Why Embracing Pain Is the Gateway to Growth

The idea of embracing pain may sound masochistic. Pain isn’t something that we generally invite into our lives. But, what if, every time pain came knocking on our door, we invited it in, welcomed it, offered it some tea?  

For many of us who experienced early childhood trauma, we can feel trapped inside endless cycles of emotional pain. There are moments that feel free of pain, but then, someone brushes up against our old unhealed wounds and there we go again, back in despair, angst, sadness. 

We’re lying on the floor broken, wondering when we will finally learn? When will we put an end to our self destructive patterns?  When will implicit trust replace self doubt? Will we ever really feel whole? Will we ever feel solid ground beneath our feet?

The answers to all the above questions lies in the pain itself. Our early childhood trauma stunted our emotional development. Whenever someone or some situation brushes up against one of our old wounds, we go right back into fight, flight or freeze mode. In our psyche, that moment of trauma is suspended; frozen in time. 

Our psyche does not know the difference between what is real in the present and what is being triggered from the past. Our sympathetic nervous system kicks in and our emotional body time travels to the moment of the original wound and we react from that place. Our physical body responds as if we were actually experiencing the danger in the present. Confusion sets in. Judgment from ourselves and others compounds our triggered emotions and we spiral into unhealthy coping mechanisms like anxiety, depression, and addiction.

Pain is an invitation to deal with the unfinished business of our past. Responding to situations that trigger our emotional upheaval can spark real, lasting healing. Part of this process is to imagine yourself as a child and to console that child. It may feel contrived and self indulgent, but this is an exercise in self-compassion that is vital to our emotional well being, allowing us to become better mothers, fathers, sisters, brothers, friends, and partners. If we feel any aversion to this practice we need to ask, “why?” 

When we follow our pain back to the original source of our wound and acknowledge that the sadness, anxiety, and despair are not actually a result of something happening in the present, but the result of a past trauma, we gain the objectivity necessary to step back and meet our own emotional needs.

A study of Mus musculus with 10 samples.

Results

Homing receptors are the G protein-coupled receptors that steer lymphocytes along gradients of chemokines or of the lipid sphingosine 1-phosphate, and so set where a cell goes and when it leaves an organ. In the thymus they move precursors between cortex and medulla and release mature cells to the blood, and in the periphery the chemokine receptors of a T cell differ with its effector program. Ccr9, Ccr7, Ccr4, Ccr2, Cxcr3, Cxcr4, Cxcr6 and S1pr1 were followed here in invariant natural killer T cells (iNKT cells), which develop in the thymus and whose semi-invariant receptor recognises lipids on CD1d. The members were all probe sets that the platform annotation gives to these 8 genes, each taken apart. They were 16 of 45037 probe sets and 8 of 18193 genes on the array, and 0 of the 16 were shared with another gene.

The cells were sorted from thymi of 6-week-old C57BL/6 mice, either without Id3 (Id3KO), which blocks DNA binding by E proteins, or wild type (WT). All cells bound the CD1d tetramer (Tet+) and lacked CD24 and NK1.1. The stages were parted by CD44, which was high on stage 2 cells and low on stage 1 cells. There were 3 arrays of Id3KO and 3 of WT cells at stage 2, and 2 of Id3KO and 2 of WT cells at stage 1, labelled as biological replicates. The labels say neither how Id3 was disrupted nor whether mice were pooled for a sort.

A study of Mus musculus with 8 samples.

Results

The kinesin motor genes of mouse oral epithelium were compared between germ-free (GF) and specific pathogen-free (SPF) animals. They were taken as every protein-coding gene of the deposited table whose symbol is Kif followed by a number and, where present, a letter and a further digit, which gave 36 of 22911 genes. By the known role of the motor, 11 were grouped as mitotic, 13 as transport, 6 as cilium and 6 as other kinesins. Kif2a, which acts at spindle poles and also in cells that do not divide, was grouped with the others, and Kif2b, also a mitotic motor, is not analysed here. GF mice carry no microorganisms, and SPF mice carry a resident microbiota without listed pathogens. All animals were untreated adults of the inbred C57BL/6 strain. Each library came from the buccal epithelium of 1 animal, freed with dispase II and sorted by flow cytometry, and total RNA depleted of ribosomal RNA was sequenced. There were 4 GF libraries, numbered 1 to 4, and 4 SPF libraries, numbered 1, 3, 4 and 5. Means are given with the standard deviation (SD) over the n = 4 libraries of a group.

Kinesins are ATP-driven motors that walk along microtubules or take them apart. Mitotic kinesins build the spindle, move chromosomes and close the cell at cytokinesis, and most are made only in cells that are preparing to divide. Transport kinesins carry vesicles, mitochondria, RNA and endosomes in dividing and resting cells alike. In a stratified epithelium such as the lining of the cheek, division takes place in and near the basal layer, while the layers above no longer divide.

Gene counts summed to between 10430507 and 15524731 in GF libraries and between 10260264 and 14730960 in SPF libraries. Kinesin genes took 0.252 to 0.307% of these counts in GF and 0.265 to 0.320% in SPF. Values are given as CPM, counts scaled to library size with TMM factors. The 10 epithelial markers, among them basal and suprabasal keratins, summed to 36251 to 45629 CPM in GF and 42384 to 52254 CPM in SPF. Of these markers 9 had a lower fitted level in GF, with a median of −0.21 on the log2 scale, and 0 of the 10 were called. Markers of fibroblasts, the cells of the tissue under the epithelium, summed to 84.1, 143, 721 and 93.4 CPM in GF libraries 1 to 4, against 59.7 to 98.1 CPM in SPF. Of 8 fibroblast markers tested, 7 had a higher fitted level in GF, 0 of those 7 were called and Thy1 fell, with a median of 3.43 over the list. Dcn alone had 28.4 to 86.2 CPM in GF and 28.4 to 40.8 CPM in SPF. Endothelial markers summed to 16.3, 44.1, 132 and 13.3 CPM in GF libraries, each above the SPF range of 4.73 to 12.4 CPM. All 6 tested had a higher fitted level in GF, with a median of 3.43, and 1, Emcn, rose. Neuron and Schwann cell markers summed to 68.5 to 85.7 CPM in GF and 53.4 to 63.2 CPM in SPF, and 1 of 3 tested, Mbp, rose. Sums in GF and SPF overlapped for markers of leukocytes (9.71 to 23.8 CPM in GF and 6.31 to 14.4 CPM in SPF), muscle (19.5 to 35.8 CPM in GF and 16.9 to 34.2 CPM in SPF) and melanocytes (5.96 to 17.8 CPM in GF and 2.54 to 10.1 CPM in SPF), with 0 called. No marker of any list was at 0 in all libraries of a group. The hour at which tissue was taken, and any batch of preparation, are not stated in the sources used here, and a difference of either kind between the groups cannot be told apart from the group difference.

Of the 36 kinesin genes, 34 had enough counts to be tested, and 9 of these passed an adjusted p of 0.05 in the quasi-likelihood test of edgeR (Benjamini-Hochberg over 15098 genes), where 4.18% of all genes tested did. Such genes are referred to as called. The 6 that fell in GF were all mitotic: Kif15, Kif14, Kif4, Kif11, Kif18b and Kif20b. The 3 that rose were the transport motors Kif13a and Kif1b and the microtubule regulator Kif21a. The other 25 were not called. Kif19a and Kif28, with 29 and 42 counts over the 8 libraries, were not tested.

We get quiet with our pain, follow it to its source, ask for an image of the part of us who experienced the original wound, and we offer our love and support to that part of us. Just as if we were consoling a child who has been hurt, we embrace that wounded part of us, console her without judgement or a need to control or fix the situation. We connect with presence and compassion.

The most difficult part of this practice is that the results are often NOT instantaneous. It takes time to build a bridge between our present self and our past. Just like any other relationship, trust is earned over time and with consistency.

When we take such a holistic approach to healing our childhood trauma, our stunted emotional development that once kept us stuck in a perpetual cycle of suffering, flourishes and new, healthier behaviors are adopted. Situations that once triggered pain take on new meaning and we develop a deeper understanding of our self. We tap into an authenticity and self assurance that can not be shaken by external circumstances. 

Our relationships with others become deeper while some fall away altogether. The world looks different, as if we are looking at it through new eyes. Our tragic past becomes a gift that shapes us into authentic, whole human beings. We can look at the trespasses of others with the acknowledgement that they too have burdens from their past that influence their present behavior. We can forgive and let go. 

Letting our pain break us wide open allows us to tap into the nectar that is our essential nature, our True Self. It’s a catalyst for creativity, passion, and contented peace. It’s a commitment to walk through the fire and let all that is not the truth within us burn away. It’s terrifying, yet liberating. It requires nothing more than silence, a willingness to listen and faith that something far better resides beyond our pain.